When it comes to small engine repair, most people are more than willing to trust the mechanic. Small gas engines seem complicated and mistakes can be costly. While it is always a good idea to trust a mechanic when you think the job is more than you can handle, there is no shame in tackling some engine repair on your own. Here are some common repairs that you can handle on your own, provided you have a decent level of DIY smarts.
First, you need to get over the fear factor. Understand that it is very difficult to completely ruin a small gas engines. Yes, it can happen, but most of the time any mistakes you make can be fixed. That should help you feel calmer.
Also, make friends with your computer. The Internet is an invaluable resource for information about fixing cars. You can find detailed instructions, with videos or step-by-step images, to help you with your small gas engine repair. Often, seeing how it is done is the first step in doing it yourself. These guides will also help you decide if this is truly something you can do on your own, or if you need professional help.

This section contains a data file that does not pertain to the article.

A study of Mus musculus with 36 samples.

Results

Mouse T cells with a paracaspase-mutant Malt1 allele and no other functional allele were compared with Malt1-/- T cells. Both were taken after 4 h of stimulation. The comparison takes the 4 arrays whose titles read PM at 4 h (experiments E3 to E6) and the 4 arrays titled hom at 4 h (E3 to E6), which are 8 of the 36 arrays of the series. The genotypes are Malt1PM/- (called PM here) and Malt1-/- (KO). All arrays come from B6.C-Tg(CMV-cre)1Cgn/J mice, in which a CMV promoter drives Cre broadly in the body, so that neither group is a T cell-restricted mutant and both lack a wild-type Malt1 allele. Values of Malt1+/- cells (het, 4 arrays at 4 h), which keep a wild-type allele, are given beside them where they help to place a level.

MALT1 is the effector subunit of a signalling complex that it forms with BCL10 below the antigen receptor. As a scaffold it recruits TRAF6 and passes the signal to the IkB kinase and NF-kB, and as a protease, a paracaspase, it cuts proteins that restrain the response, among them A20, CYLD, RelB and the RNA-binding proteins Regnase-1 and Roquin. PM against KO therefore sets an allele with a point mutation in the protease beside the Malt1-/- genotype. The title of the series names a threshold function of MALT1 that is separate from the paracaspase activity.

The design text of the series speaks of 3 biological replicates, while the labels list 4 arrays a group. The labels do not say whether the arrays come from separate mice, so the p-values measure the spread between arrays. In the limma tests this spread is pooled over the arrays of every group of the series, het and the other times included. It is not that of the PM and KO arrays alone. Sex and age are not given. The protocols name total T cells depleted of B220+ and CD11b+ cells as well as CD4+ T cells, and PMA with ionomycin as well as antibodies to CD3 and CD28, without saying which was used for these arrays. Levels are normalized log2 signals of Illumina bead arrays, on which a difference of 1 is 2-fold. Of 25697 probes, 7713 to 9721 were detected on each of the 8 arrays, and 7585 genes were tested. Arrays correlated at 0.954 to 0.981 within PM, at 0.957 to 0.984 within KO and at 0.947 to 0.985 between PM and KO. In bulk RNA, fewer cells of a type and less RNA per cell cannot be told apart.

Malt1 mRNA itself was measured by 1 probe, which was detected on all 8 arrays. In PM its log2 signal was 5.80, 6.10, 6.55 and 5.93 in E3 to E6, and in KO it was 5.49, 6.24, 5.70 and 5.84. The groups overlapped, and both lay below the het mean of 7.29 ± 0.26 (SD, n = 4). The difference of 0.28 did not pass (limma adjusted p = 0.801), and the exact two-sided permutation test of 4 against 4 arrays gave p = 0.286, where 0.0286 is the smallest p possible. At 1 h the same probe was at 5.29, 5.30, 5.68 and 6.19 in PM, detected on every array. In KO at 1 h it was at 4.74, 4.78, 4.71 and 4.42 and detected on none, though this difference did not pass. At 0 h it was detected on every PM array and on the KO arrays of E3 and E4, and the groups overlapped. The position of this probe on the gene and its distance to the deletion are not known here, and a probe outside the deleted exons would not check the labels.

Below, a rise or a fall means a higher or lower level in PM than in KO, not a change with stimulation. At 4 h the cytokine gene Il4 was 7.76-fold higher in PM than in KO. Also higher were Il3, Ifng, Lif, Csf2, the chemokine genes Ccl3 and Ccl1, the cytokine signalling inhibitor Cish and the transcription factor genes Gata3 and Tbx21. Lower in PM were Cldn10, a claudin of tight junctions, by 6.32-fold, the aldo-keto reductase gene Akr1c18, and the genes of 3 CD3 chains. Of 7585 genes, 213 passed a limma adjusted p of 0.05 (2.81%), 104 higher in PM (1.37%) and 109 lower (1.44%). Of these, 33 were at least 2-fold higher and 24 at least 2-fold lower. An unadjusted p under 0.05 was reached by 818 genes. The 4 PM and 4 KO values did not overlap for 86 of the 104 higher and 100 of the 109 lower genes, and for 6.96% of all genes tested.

Before you begin fixing anything, you will want to have the right tools. Most of the time you will need an adjustable wrench, a variety of screwdrivers, a jack, a torque wrench, a socket and ratchet set, and pliers. If you are missing any of these tools, then you will want to pick them up before you begin. As you shop for tools, make sure they have a good grip, so look for ones with heavy, solid handles.
So, what jobs can you tackle on your own? One is replacing a broken belt. Broken not hard to replace. When inspecting your lawn mower or other small gas engine, always check the belts for signs of weir, such as cracks or looseness. Replace them when you need to. If they are loose, you might be able to get away with tightening them using a tensioner pulley rather than replacing them.
The battery is another common type of lawn equipment repair that you can, realistically, do on your own. Before replacing a battery, make sure the car does not need to be jumped. If jumping does not work, purchase a multimeter to test the battery. Or have it tested at your local auto parts store. They usually will do this for free.
Finally, while not technically engine repair, you can handle many maintenance tasks on your own. Replacing filters, spark plugs, and old oil is not hard once you learn how, and you can save a significant chunk of change doing these on your own. For other jobs, consider hiring a professional, but for these simple tasks, you can try to DIY.